A remarkable performance by Honor Swinton Byrne makes this understated film a must-see. 

Tilda Swinton, left, and Honor Swinton Byrne in

Tilda Swinton, left, and Honor Swinton Byrne in "The Souvenir" Photo Credit: A24

'The Souvenir'

Directed by Joanna Hogg

Starring Honor Swinton Byrne, Tom Burke, Tilda Swinton

Rated R

Playing at Angelika Film Center, Landmark at 57 West

There are few topics more ripe for emotional fireworks than doomed first love. But “The Souvenir,” Joanna Hogg's memoir set in the mid-1980s at a British film school, is a masterful study in what's not said. To call something “muted” may hardly seem like a compliment, but at a time when most movies are screaming their message (if they have any message at all), this quiet, observant character study is a much-needed respite.

Honor Swinton Byrne is Julie, 24 years old, from wealthy stock, and figuring out how she wants to express herself as an artist. She's been researching northern shipbuilding towns and has good intentions of setting a movie there, but may not yet have the facilities to tell that story. Though it's not shown how they meet, she begins dating an older, seemingly mature man, Anthony (Tom Burke), who is not quite what he seems.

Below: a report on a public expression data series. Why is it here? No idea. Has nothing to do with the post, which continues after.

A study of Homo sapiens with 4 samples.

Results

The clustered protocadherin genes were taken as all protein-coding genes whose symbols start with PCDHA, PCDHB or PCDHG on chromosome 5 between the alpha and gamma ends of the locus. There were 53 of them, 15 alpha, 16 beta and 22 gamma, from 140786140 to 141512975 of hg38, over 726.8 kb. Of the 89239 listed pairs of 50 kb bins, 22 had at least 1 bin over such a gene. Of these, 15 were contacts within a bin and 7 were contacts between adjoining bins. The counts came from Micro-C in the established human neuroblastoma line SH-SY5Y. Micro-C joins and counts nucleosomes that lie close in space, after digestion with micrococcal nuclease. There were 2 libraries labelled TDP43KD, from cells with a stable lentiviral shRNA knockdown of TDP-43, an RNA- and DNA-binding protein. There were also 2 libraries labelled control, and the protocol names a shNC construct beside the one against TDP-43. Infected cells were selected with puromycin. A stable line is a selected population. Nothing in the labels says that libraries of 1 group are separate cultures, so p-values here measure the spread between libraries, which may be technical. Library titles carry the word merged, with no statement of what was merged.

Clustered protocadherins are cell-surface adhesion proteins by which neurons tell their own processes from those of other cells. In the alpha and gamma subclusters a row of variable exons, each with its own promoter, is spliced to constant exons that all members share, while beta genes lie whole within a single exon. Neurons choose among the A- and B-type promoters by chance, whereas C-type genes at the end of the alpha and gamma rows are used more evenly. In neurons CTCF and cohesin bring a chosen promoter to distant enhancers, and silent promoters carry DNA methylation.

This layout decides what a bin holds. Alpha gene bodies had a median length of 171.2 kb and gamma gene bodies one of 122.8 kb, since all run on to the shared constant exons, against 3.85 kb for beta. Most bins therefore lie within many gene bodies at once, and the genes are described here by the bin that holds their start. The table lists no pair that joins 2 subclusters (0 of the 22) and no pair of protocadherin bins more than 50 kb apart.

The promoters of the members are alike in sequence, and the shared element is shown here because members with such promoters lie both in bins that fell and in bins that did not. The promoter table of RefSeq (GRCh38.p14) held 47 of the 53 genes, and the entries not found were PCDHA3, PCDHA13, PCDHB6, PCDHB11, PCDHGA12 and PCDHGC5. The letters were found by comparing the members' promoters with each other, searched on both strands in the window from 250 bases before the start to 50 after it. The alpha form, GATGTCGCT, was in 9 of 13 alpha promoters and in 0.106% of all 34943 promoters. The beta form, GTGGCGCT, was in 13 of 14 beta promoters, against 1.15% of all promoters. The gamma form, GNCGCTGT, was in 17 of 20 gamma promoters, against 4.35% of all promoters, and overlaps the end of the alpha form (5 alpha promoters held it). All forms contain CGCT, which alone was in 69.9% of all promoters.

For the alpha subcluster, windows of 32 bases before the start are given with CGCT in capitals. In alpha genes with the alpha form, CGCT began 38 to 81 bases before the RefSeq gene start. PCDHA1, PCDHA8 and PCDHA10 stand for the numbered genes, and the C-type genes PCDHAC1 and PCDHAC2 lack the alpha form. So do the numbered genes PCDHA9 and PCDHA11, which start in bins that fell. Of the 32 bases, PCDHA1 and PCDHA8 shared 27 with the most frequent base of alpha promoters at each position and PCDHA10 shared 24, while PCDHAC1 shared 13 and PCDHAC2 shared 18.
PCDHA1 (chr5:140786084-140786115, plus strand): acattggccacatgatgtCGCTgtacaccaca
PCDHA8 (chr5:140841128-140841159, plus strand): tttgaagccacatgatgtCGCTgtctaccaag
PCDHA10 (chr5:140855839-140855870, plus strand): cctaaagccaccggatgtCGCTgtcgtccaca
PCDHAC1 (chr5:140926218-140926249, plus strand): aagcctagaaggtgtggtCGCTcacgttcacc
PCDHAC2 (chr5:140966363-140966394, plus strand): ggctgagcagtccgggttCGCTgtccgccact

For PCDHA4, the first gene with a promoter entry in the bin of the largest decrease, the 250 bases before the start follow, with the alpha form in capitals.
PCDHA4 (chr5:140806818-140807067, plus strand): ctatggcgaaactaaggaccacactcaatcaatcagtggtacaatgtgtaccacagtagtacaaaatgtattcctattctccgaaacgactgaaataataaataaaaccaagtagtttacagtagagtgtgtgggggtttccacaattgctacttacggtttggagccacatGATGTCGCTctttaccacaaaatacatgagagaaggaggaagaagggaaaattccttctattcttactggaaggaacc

Anthony works at the Foreign Office, has memberships at proper clubs and offers advice that's just on the border between constructive and condescending. Julie starts seeing her friends less and her parents aren't exactly over the moon about him, but they'd never say anything. He's also quick to ask to borrow a few quid, but we'll let that slide for a while.

Julie's whole world is opening up for her, so she's not quite tuned in to differentiate enormous red flags from mundane moments. As such, the film is sly in unfolding its next turn. Even when you figure out what's happening (no spoilers here) Hogg doesn't show the presumably explosive off-screen moments. These are dignified characters, so new developments are simply accepted, and now we move on. It makes for an altogether unusual film, but also has the essence of real life. How many times have you looked at couples and wondered “how do they make that work?”

Swinton Byrne gives a remarkable performance, and it's especially fun to watch her in scenes with the woman playing her mother, her actual mother, Tilda Swinton. The muted nature of the film extends to the set design and shooting style. Julie's apartment is unfussy, perhaps in need of cracking a window. The period décor and grainy stock exudes the mid-'80s, as well as deep cut music choices. Extra points for going with the Robert Wyatt version of Elvis Costello's “Shipbuilding.”

This movie will not be a box office hit and truly isn't for everyone. But for people looking to examine interpersonal relationships from a fresh perspective, “The Souvenir” is one to keep.